A fungus that kills amphibians by invading their skin has become one of the most destructive invasive species ever recorded, a new research report says.
Batrachochytrium dendrobatidis, a type of chytrid fungus, has caused declines in 500 amphibian species and driven dozens of them to extinction, according to the report, published Thursday in Science. This is the first time scientists have taken global stock of the problem.
“The impact of chytrid fungus is much larger than previously thought,” says Ben Scheele, a postdoctoral fellow at Australian National University who led 40 other researchers in quantifying the devastation. They found the pathogen threatens more species than invasive rodents or cats, dwarfing the effects of other dangerous wildlife diseases such as the notorious white-nose syndrome in bats.
“This should be a clarion call for us all,” says Vance Vredenburg, an ecologist at San Francisco State University who was not involved in the research. “The losses are significant and likely permanent.”
The creeping destruction of B. dendrobatidis (commonly known as Bd) was first noticed in the 1980s, and identified and named in the 1990s. A 2018 genetic study pinpointed its origin to the Korean peninsula, and it spread through global shipping and the amphibian trade. When it hit previously unexposed populations, the disease created an amphibian apocalypse. “The old-timer [biologists] would say, ‘I never saw anything like this,’” recalls Michael Lannoo, a biologist at the Indiana School of Medicine and an expert on the disease who was not involved in the new report.
The spores of the fungus infect amphibian skin, causing it to harden and slough off. Because amphibians drink through their skin, the resulting disease (called chytridiomycosis) disrupts their hydration and electrolyte balance, killing them.
Biologists had watched in horror as entire individual amphibian species succumbed, but no one had ever done a global survey to understand the disease’s full impact. To fill that gap, Scheele and his colleagues pulled together published and unpublished data about amphibian populations from across the globe. They found Bd caused declines in 500 amphibian species, 90 of which are now extinct in the wild. Another 124 have lost more than 90 percent of their population.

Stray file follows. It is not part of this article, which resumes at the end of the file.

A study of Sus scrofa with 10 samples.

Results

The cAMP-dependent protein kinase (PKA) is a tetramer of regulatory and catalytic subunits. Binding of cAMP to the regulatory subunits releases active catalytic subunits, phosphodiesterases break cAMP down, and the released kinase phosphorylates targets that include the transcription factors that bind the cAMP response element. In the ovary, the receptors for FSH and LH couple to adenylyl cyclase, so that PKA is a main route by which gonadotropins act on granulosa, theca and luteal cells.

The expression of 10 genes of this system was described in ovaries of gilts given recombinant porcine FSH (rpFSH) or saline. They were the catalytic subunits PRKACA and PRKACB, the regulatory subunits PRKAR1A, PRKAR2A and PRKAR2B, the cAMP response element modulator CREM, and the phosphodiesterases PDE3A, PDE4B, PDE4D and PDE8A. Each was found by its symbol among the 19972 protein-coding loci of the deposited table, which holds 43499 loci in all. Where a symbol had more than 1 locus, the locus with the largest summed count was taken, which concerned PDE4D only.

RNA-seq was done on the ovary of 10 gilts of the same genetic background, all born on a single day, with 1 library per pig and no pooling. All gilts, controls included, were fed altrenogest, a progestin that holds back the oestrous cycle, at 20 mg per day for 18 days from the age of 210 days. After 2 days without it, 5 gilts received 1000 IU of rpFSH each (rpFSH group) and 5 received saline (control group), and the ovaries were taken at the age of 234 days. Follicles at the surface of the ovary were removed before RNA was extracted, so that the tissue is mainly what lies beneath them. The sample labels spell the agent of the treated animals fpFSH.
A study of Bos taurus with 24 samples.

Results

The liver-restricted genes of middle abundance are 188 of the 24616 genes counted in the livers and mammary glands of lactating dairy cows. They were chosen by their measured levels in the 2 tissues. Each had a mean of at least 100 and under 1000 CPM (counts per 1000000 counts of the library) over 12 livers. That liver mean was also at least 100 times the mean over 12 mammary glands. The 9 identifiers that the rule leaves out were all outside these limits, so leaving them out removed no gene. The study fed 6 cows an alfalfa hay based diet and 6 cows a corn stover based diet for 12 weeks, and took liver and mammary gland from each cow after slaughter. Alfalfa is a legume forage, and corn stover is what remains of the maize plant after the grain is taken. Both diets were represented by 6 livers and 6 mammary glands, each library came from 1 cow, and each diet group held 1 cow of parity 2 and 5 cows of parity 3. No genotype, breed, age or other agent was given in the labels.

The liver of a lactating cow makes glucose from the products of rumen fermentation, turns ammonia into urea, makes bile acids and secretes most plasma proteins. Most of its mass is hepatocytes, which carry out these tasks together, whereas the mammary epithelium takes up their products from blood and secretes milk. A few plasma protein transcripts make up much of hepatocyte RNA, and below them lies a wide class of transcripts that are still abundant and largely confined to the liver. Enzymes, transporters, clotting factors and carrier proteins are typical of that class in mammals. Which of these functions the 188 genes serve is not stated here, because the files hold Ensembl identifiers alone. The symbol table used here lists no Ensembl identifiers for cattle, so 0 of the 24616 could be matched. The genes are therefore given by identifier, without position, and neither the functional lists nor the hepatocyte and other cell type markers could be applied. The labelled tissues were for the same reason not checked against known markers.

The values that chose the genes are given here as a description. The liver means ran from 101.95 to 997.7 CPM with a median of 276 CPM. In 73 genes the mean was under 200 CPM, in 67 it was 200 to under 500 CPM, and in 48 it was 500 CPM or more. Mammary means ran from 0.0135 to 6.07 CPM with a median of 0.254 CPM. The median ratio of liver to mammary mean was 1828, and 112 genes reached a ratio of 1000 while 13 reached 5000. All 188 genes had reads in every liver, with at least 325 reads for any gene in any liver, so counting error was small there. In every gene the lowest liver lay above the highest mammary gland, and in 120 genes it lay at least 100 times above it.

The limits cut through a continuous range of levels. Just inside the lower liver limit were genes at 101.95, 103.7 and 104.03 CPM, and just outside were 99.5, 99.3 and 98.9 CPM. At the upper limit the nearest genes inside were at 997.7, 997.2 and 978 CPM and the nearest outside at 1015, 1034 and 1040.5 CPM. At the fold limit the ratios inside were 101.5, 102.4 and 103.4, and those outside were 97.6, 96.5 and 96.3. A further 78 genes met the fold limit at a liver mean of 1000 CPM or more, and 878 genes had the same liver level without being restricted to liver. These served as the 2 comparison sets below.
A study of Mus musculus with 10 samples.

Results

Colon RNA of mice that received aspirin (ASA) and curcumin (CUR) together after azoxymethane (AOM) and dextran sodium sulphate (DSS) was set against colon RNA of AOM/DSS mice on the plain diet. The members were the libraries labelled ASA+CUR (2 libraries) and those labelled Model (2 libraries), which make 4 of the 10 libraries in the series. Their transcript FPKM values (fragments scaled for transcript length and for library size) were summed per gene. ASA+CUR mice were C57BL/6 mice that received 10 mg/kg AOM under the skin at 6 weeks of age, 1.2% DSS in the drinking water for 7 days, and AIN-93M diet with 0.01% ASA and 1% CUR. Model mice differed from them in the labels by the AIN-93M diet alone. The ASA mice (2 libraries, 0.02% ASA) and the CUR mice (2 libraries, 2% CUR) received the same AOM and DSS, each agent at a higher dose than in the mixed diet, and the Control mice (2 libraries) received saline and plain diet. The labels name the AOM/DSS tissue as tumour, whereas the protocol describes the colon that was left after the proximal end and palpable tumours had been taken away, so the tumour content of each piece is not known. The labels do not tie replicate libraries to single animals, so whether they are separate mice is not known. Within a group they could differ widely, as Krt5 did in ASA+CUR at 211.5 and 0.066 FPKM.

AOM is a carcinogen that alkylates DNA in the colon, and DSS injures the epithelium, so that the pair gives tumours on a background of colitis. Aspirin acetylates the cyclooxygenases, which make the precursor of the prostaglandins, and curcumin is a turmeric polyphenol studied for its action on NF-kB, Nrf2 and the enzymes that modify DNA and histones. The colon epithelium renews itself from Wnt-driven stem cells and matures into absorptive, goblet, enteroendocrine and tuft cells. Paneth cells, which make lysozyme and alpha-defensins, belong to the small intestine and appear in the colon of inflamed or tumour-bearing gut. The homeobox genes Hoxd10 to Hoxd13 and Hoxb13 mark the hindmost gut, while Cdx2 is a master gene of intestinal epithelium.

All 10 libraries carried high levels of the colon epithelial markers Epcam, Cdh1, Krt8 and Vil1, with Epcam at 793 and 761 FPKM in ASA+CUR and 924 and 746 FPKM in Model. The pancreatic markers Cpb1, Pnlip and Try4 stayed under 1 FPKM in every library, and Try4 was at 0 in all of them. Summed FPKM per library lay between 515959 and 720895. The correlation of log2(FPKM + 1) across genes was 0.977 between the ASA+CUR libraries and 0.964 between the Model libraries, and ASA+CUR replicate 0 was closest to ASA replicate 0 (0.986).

The declines varied regionally, hitting Australia and Central and South America particularly hard. Some of this variation is likely related to climate: Bd dies in dry weather but its spores hang around stubbornly in wetter regions, Lannoo says.
Glimmers of Hope
The new study did turn up a few glimmers of hope: for example, 60 affected species show signs of recovering from the worst of the disease, despite its persistence. “We should be feeling good about the fact that some species are able to evolve the right mechanisms to coexist with the pathogen in the wild,” says Dan Greenberg, a doctoral candidate at Simon Fraser University who co-authored an op-ed in Science on the new research with ecologist Wendy Palen, also at Simon Fraser.
But Palen notes that even those hardy amphibians are struggling against myriad other barriers to survival—including climate change, water pollution and habitat loss—and that species hit with Bd are more likely to succumb to these other pressures. Where chytridiomycosis is not wiping out whole species it can be hard to disentangle its impacts from these other factors, says Michael Adams, an ecologist at the U.S. Geological Survey who was not part of the new study. “I suspect there are a lot of cases where there is a low-level effect of the disease—not causing a big die-off, but it’s a drag on the population,” he says. The estimate in the new paper is intentionally conservative, and the researchers acknowledge uncertainty about Bd’s full consequences.
Humans can battle Bd by establishing captive breeding programs for threatened species, says Anne Baker, the executive director of the nonprofit umbrella group Amphibian Ark, which does just that. Some researchers are considering trying to fast-track evolution in captive populations, Baker says, exposing captive frogs and toads to Bd and then breeding the fungus-resistant survivors.
Regulating the amphibian pet trade and improving biosecurity could also staunch the losses—and stop the next destructive pathogen in its tracks. Bd took everyone by surprise, Scheele says, but conservation experts have been quicker to deal with newer threats. In 2016 the U.S. Fish and Wildlife Service banned the import of 201 salamander species in hopes of keeping out the closely related fungus B. salamandrivorans, which has hit Europe’s fire salamander population hard. “We previously had no idea that a pathogen could have such devastating, rapid and severe impacts,” Scheele says. “The quantification of chytrid shows the seriousness of what these pathogens can do.”